Letter from a Birmingham Jail by Martin Luther King, Jr.


Category: Statistics Project

Subcategory: Classic English Literature

Level: College

Pages: 1

Words: 275

Instructor’s Name:
Summary of the Letter from a Birmingham Jail by Martin Luther King, Jr.
The Letter from Birmingham Jail is an open letter that advocates for nonviolent resistance to racism. In the letter, Martin Luther King, Jr. argues that people are morally obligated to go against unjust laws and take direct actions against such laws, as opposed to waiting indefinitely for justice through the courts of law. The letter was a response to clergymen who maintained that although social injustices existed, the war against racial discrimination should only be addressed through the courts. King responded to these criticisms on religious, legal, historical and political grounds.
King pointed out that he and his group of activists were not outsiders merely causing mayhem in the streets. He pointed out that as the leader of the SCLC, they had a responsibility to act against the vast injustice in Birmingham. He believed that any issue that affected one person directly would have an indirect effect on everyone. King argued that his team was using nonviolent actions to generate constructive tension to induce talks with the white authorities, so as to achieve true civil rights. This was in response to the clergymen’s disapproval of the tension caused by King and his fellow activists though public marches and sit-ins.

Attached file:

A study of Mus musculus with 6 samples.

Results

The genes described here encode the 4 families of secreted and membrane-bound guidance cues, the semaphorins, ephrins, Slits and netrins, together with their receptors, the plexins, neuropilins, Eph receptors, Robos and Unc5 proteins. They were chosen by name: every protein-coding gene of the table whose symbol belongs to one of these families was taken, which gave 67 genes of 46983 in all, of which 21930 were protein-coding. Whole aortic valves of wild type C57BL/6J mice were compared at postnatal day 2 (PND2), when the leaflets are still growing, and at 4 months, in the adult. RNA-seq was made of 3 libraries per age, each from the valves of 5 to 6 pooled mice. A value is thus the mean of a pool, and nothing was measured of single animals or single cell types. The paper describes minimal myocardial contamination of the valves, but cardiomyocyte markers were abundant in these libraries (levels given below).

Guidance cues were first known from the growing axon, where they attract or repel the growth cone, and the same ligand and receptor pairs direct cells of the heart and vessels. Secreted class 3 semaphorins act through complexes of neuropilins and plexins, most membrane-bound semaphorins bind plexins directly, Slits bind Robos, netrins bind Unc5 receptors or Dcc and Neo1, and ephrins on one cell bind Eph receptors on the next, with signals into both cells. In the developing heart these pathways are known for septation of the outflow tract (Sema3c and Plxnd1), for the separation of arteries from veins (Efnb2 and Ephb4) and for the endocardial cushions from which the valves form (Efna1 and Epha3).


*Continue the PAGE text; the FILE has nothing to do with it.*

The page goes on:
King defended the SCLC’s timing of their public actions by saying that the movement’s decision to adjourn its actions showed a sense of responsibility. He also argued that civil disobedience was justifiable, necessary and patriotic in the event of unfair laws. The letter said that what mattered was not whether or not the activists were extremists, but rather the kind of extremists they were. King argued that most of the historical reformers, including Jesus, were extremists. Finally, King disparaged the clergy’s commendation of the police for their nonviolent maintenance of order. He argued that such public displays were merely public relations stunts that sharply contrasted their usual treatment of blacks, thus preserving the corrupt system of racial discrimination.